What is "Information management"?
By Leonard D. Will and Sheena E. Will
This interdisciplinary field draws on and combines skills and resources from librarianship and information science, information technology, records management, archives and general management. Its focus is information as a resource, independently of the physical form in which it occurs. Books and periodicals, data stored on local or remote computers, microforms, audio-visual media and the information in people's heads are all within its scope. Some of the main topics practitioners are concerned with are:
·         classification and coding
·         subject indexing
·         construction and use of thesauri and controlled vocabularies
·         cataloguing and indexing by names, places, and events
·         database design and data structures
·         physical storage of books and records, in paper and electronic form
·         storage of photographic and digitized images
·         information audits: reviews of an organization's information resources
·         documentation of museum objects, both for management purposes and as a resource for scholarship.
There was an interesting discussion of the definition of "information management" on an Australian mailing list in 2007 (the list archives are unfortunately no longer available). In this discussion, Barbara Laffan quoted the following definition:
"Information Management describes the means by which an organisation efficiently plans, collects, organises, uses, controls, disseminates and disposes of its information, and through which it ensures that the value of that information is identified and exploited to the fullest extent."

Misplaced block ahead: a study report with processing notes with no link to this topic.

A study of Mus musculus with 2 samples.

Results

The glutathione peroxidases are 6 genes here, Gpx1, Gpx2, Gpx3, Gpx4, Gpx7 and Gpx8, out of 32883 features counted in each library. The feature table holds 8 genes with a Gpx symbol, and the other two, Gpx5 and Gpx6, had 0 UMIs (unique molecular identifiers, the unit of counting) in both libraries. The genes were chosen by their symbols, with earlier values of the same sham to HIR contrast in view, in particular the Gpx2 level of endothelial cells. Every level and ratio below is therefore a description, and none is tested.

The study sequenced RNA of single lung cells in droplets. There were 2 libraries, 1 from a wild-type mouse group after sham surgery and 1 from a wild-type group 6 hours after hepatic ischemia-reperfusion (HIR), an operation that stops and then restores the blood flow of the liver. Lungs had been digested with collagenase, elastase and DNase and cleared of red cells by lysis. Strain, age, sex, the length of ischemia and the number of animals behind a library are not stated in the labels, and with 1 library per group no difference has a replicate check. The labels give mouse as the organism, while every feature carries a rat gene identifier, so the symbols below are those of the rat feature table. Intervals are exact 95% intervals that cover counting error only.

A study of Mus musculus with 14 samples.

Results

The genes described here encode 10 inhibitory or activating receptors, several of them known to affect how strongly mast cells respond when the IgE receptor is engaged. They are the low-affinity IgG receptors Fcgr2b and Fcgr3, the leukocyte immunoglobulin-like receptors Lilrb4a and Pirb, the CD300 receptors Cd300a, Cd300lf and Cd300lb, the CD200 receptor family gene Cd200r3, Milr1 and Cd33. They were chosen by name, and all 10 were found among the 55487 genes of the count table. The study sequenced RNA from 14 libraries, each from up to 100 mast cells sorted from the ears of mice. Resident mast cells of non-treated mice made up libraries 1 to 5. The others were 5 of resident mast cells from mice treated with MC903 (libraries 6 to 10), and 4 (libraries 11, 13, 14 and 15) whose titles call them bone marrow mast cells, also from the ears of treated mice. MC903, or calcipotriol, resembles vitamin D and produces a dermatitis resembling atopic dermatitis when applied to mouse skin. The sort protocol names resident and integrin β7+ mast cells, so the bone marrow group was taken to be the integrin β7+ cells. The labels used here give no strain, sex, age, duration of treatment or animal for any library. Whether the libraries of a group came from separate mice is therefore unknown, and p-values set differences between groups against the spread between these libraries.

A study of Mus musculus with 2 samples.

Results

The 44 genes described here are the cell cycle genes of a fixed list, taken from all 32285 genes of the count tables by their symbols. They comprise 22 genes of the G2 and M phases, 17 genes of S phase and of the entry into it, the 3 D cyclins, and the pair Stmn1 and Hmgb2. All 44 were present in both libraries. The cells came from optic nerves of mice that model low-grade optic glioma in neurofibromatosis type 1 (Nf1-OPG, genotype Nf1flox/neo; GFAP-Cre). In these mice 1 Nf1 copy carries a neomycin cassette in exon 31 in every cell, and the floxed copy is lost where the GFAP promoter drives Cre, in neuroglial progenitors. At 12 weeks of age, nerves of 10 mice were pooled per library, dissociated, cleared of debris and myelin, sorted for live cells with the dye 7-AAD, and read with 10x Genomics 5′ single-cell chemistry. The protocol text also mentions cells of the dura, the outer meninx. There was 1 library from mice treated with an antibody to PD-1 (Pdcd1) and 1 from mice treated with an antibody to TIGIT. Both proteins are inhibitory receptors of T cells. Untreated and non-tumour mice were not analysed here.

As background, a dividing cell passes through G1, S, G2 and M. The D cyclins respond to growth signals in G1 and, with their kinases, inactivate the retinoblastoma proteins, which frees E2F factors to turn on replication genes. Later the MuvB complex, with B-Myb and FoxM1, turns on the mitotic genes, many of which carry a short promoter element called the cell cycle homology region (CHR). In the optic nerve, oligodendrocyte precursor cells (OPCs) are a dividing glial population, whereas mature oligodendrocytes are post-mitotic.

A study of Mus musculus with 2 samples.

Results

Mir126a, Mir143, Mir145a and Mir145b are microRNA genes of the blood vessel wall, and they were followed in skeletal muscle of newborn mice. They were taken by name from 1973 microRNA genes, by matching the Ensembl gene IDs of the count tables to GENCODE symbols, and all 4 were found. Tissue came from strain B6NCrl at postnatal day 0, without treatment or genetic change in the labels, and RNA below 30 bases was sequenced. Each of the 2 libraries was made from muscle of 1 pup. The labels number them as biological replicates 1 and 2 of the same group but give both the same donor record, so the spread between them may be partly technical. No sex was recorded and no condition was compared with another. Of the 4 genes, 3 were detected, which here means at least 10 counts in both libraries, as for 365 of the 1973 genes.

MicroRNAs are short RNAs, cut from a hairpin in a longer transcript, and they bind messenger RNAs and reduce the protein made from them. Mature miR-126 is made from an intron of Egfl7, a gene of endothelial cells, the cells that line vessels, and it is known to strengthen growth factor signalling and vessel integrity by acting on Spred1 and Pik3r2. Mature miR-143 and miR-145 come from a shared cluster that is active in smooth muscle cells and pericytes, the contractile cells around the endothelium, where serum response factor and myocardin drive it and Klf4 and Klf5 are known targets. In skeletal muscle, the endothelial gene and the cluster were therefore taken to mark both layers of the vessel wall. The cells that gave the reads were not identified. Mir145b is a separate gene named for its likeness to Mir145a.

This comes from the [Queensland] Information Planning Branch (IPB) Information Standards. Information Standard No. 24 is titled 'Policies for the management of information within government'.
Analogies were proposed in this discussion by Bernard Robertson-Dunn who suggested that:
Information Management = writing
Information Systems = publishing
Information Technology = printing
Each have their own issues, but in the end it is the content of the writing that is important and which drives the requirement for the others.
There is a further discussion in a paper by Richard E. Barry, "Managing Distinctions: Enterprise Information, Document, Records, Knowledge and Content Management" (Records and Information Management Review (RIMR), February 2002), which also makes the distinction between information management and information technology.
Competency profile: information resources for management specialists in archives, libraries and records management: a comprehensive cross-sectoral competency analysis / by Céline Gendron.

This competency profile represents an overall view of the work elements involved in positions held by professionals and technicians working as information resources specialists. For various reasons, it is possible to fit these positions, whether in libraries, archives or records management, to a common profile.